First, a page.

Posted April 4, 2014

Temple to examine disease management and substance use

People with substance-use disorders often either have mixed feelings about seeking treatment or face significant barriers in engaging in proper treatment. To help them, the Treatment Research Institute (TRI) and the School of Medicine at Temple have received a $2 million award to study the use of specialized, community disease management to reduce substance use and hospital readmissions. The funding was awarded by the Patient-Centered Outcomes Research Institute (PCORI).

Under the direction of Adam Brooks, senior research scientist at TRI, the study will examine adapting evidence-based interventions to a community disease-management program. The program will employ a trained clinical social worker and a peer-specialist community health worker who will provide evidence-based continuing care by telephone and home visits, with an increased focus on patients’ substance use.

“Patients hospitalized with substance-use disorders face significant complications in their medical care and require specialized follow-up care and disease management,” Brooks said. “There is an enormous opportunity in our current healthcare system to adapt appropriate disease management for these patients. That transition also will reduce hospital readmissions and overall costs to the system.”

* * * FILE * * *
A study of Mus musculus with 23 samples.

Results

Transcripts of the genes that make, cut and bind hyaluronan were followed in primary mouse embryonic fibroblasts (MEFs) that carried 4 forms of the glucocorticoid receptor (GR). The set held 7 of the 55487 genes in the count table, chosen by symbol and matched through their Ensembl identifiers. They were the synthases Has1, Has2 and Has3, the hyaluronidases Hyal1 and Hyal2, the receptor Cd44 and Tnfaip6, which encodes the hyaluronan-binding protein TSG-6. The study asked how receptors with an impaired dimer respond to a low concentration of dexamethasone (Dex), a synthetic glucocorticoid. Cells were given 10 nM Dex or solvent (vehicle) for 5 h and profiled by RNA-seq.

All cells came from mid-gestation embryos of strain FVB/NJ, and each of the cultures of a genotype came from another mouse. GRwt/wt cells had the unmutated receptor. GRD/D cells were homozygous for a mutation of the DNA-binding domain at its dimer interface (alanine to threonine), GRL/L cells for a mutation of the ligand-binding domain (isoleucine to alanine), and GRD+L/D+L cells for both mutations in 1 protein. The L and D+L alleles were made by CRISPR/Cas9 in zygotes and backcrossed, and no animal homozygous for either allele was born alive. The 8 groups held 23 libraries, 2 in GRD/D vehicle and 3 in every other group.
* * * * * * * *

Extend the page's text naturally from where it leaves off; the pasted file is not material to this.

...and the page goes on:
Conducted in collaboration with the Center for Population Health and the Department of Psychiatry at Temple, the study will evaluate whether or not that approach can improve outcomes for patients at Temple University Hospital, versus an existing disease-management program after hospital discharge. It also will explore the need for hospital systems to provide dedicated attention to patients with substance-use disorders.

“We are excited to have the opportunity to be a part of this study and offer personalized care for patients with substance-use disorders contemplating treatment,” said Mary Morrison, vice chair for research and professor of psychiatry at Temple.

Morrison will be joined by Steven R. Carson, vice president for clinical integration at Temple University Health System, in leading the intervention at Temple University Hospital.

“This project was selected for PCORI funding not only for its scientific merit and commitment to engaging patients and other stakeholders, but also for its potential to fill an important gap in our health knowledge and give people information to help them weigh the effectiveness of their care options,” said PCORI Executive Director Joe Selby.

Additionally, the study is one of 82 proposals funded in December by PCORI, an independent nonprofit organization authorized by Congress that funds research to provide patients, caregivers and clinicians with the evidence-based information necessary to make better-informed healthcare decisions.